Tuesday, November 09, 2010


“The Reign of God must be accepted – by rich, poor, women, men. All are sinners; all must repent and accept forgiveness."

As you begin your prayer today, remember that you are in God’s holy presence. Become aware of how God gazes on you all the time, how tenderly and powerfully God regards you. Ask God for what you want in prayer:

Ask God to recognize and know the Lord Jesus as your mentor for a life of love and service.  



Reflections for Prayer

Fr. Mark Raper, S.J.
President, Jesuit Conference of Asia Pacific
[Former JRS International Director]

Manila, 9 November 2010 – Is it possible that someone who has experienced irremediable loss can one day be joyful, and learn to give joyfully? Can deep sadness and despair ever be overcome by the desire to serve others? Can I ask for and realistically expect the grace of compassion towards those who do me harm?

Years ago, I met a Cambodian woman, Anne Noeum Yok Tan, who looked after unaccompanied children in a Thai refugee camp while awaiting her resettlement in France. Ten of Noeum Yok Tan’s own children had died under the Pol Pot regime. One by one, her husband had written a little poem or reflection on the back of each one’s baptismal certificate. When he too was killed by a Khmer Rouge cadre, she gathered the precious folios together and fled. On her way through the jungle, she found by chance her two surviving children, and they crossed the border together. Ultimately, the collection of poems was published in a book dedicated to the martyrs of the Cambodian Church. In her introduction she wrote:

With this book I give you what is dearest to me. My life is not easy now, but I do not despair. I hope in God. I believe God is my Father and will not abandon me. One day I shall join my husband and my children and we shall be all together again. Ten of my children are dead, and my husband has been killed, but I do not hold it against anyone. I have no spite against anyone at all. Nor did my husband hate the Khmer Rouge. He did not want to avenge himself for the evil they had done.  I am like him.  If I meet the one who killed my husband, I will not hate him, for I have no hate in my heart: I have accepted to strip myself of everything.  In any case, I am not the only one to suffer. It is a whole people, a whole country that suffers as well. But one day, I am sure, Cambodia will once again know happiness.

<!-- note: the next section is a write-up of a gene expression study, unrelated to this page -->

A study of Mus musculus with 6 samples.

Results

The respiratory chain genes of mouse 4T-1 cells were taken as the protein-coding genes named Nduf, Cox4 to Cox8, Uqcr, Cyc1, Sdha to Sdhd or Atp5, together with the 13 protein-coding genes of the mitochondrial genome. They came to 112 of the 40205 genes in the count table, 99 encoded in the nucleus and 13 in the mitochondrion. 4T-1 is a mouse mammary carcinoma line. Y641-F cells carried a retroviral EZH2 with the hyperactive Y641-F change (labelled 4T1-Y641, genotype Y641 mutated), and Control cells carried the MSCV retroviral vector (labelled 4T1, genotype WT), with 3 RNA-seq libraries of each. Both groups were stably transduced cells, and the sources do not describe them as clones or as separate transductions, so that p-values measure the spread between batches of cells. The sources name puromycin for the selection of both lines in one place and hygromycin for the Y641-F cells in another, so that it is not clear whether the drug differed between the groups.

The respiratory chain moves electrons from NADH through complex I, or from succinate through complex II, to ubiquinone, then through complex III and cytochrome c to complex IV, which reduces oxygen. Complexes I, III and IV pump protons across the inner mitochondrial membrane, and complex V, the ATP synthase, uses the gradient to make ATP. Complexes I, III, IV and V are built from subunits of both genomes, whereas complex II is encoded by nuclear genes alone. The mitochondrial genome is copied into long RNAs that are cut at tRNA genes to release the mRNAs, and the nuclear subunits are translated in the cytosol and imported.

What precious lessons this artisan of peace demonstrated. She had lost so much, yet she had so much to live for.  What grace she was given, and what a driving force this grace became in her life. Can I ask for the grace to live and act with compassion in my heart?



Address God as a friend speaks to a friend. 

Talk to God about your response, your own needs and your deepest desires.

End your prayer with the Our Father, the prayer Jesus taught us.



Suggested Reading for Prayer

Luke 10:30-34

A man fell victim to robbers as he went down from Jerusalem to Jericho. They stripped and beat him and went off leaving him half-dead. A priest happened to be going down that road, but when he saw him, he passed by on the opposite side. Likewise a Levite came to the place, and when he saw him, he passed by on the opposite side. But a Samaritan traveler who came upon him was moved with compassion at the sight. He approached the victim, poured oil and wine over his wounds and bandaged them. Then he lifted him up on his own animal, took him to an inn and cared for him. 



Quote
"The Reign of God must be accepted – by rich, poor, women, men. All are sinners; all must repent and accept forgiveness. In practice, this means accepting the offer of new social relations.  In Jesus' ministry, God gathers the poor, the outcast sinners, women, the sick and lepers, the children, Samaritans and eventually the gentiles – all the rejected and "unimportant" people – into a new community where they will serve one another and no one will dominate."  ~ Dean Brackley, S.J.